Rodney McFarland walking streets with Vickie Dayton hoping blacks ignore her Trump supporting ties, and give her another term representing the mostly black district on the school board.
Vickie Dayton is feeling the heat for the first time in her 30 year tenure on the Monroe City School Board; her district is now 60 percent black, but, by her own words, she has never reached out to blacks in her district for input.
Dayton, a Trump supporting Republican, is facing Rick Saulsberry, a black Democrat in her re-election bid.
How could Dayton ignore Blacks for so long? When she was elected the district was all white. However, over 30 years Blacks have moved into the district as whites moved out. It is now 60 percent black. She faced black opponents in the past, but easily defeated them because of the white, Republican, majority of the district.
In the era of Trump, blacks are coming out of the woodworks, opposing anything remotely associated with Donald Trump. Dayton is hoping that is not true and their Republican affiliation will not matter.
While Dayton has voted for many changes that helped black students, she says she has never sought input from or met with her growing black constituency for three decades. When she made major votes to shift white students from Cypress Point from Carroll to Neville High School or to approve principal appointees at schools in the district she says she did not consult with any of her black constituents.
In recent public forums, Dayton admitted that she has never sought input from her black constituents before making major decisions. Knowing that the words “Republican” and “Trump” work against her among Blacks she is knocking on doors in Black neighborhoods like Cypress Point with the help of fellow school board member Rodney McFarland.
Ironically, McFarland is a member of the Democratic Central Steering committee, committed to supporting Democratic candidates, opposing the Trump agenda.
“I think its strange that a member of the Democratic committee is out promoting a Trump era Republican. For 30 years Mrs. Dayton has ignored our people, but now that blacks are in the majority she is knocking on our doors. How hypocritical,” said Saulsberry.
At forums, Dayton was criticized for pushing to remove federal anti-discrimination protections from the system. Without federal protections, Blacks would need to file new law suits to stop future discrimination by the school board. The federal law suit gave blacks a way to stop discriminatory practices. White residents wanted the protections removed.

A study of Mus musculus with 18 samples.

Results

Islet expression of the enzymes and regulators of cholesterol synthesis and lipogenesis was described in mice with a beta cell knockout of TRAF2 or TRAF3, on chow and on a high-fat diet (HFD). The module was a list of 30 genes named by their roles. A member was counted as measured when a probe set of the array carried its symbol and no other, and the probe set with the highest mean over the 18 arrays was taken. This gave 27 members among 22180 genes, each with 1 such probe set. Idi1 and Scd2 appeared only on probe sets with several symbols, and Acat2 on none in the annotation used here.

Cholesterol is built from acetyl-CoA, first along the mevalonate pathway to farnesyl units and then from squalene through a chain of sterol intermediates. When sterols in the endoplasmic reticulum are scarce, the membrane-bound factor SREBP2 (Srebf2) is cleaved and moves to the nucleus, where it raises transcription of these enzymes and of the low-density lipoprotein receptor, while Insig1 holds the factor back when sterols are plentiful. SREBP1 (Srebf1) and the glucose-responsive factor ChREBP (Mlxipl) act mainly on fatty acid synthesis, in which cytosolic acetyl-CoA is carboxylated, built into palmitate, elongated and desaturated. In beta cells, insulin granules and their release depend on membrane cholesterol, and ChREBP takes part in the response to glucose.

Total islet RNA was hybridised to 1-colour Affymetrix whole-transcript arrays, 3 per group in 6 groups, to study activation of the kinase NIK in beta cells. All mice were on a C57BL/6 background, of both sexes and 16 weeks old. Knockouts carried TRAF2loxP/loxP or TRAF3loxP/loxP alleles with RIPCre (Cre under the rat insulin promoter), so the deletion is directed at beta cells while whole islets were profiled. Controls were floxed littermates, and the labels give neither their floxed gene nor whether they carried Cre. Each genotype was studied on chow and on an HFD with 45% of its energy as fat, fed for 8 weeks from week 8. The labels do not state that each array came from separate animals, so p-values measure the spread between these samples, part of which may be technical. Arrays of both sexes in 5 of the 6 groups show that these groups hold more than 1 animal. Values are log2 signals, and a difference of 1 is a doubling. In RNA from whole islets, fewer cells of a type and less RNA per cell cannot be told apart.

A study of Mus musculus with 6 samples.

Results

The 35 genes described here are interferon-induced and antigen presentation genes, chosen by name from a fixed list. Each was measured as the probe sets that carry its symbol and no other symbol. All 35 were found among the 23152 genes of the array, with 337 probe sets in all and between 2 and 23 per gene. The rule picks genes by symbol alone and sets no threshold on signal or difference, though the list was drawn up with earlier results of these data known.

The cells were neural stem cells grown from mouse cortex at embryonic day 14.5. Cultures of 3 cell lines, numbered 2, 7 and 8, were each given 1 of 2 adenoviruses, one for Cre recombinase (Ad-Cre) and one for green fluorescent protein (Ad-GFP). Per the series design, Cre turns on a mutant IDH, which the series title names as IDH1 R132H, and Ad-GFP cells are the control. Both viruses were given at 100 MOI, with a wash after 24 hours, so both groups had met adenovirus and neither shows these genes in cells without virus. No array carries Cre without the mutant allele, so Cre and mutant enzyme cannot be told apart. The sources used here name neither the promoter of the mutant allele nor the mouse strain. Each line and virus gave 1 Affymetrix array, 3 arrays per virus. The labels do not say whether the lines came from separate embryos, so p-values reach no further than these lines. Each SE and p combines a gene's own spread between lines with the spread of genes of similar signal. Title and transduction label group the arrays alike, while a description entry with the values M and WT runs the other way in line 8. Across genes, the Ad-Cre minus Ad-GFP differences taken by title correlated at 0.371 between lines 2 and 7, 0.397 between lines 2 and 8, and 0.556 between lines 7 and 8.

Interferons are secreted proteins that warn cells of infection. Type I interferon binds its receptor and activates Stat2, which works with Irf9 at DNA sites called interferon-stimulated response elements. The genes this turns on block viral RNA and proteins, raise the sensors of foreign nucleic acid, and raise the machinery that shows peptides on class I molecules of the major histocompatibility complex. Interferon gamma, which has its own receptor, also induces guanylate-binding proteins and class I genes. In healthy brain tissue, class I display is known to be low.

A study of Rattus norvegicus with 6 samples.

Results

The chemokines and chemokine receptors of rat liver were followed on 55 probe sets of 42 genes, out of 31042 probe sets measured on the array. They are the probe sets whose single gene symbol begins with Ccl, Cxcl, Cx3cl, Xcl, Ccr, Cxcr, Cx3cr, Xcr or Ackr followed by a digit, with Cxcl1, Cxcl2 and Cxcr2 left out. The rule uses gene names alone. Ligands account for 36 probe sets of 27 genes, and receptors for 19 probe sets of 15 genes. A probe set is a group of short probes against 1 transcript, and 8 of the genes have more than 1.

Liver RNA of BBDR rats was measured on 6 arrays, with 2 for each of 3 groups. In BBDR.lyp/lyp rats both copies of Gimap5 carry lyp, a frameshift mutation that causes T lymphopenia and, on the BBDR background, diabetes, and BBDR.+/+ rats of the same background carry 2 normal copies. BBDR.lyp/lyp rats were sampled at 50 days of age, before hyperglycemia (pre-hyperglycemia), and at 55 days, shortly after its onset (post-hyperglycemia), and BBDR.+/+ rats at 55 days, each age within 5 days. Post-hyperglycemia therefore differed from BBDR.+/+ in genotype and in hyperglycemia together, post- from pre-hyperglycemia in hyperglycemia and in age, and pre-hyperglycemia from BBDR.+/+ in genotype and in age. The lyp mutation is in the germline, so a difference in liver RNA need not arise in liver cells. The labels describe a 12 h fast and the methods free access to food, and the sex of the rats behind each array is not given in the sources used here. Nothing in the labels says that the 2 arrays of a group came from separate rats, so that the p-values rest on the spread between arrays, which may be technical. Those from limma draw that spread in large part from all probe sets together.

McFarland made campaign promises to keep the protections, he even testified in court against their removal. Then to the surprise of the Black community, he led the school board to request that the protections be removed in a court action called achieving “Unitary Status.”
For many in the Black community “Unitary Status” means freedom to discriminate without immediate court oversight.
It was a deemed a major “sellout” of the black community by Alumni groups, the NAACP, educators and parent organizations. In a surprising show of unity, not one black organization or leader approved the move.
McFarland was praised by white city school board members in January of this year for single-handedly helping them get rid of the protections. In the process, McFarland snubbed the NAACP and ignored over 1,000 letters and petitions from blacks that opposed the move.
Also at Forums Dayton said she voted to relocate MLK Middle School in a flood zone near Wossman because she thought it would facilitate better transition. Every resident of the community opposed the plan, but Dayton and McFarland voted for the relocation, even though the new construction would add to the flooding in that community.
Dayton said last year she voted to close Excellence Academy on the basis of a report that recommended that the board either work closely with the school for improvement or shut it down. She said she did not seek any input from the school, its parents or faculty. She said she didn’t check to see if the report was accurate before voting on one day’s notice to close the school.
McFarland also voted to close the school which put its 27 member faculty and staff out of work and displaced 200 families. He didn’t conduct any community meetings or seek input from the community either.
Both McFarland and Dayton voted for efforts to build the Carroll Magnate building and the Wossman field house. However, the two of them also voted together on major moves that hurt the black community, without any input from their districts.
Saulsberry, a middle school teacher, is a businessman and educator. He says he will make hearing from the district a high priority. He said for three decades black residents of District 1 have been ignored with respect to school zones, curriculum, principal selections, and other matters.
He said the Trump era ideas of ignoring minorities needs to come to an end.
Saulsberry said it’s time for a change.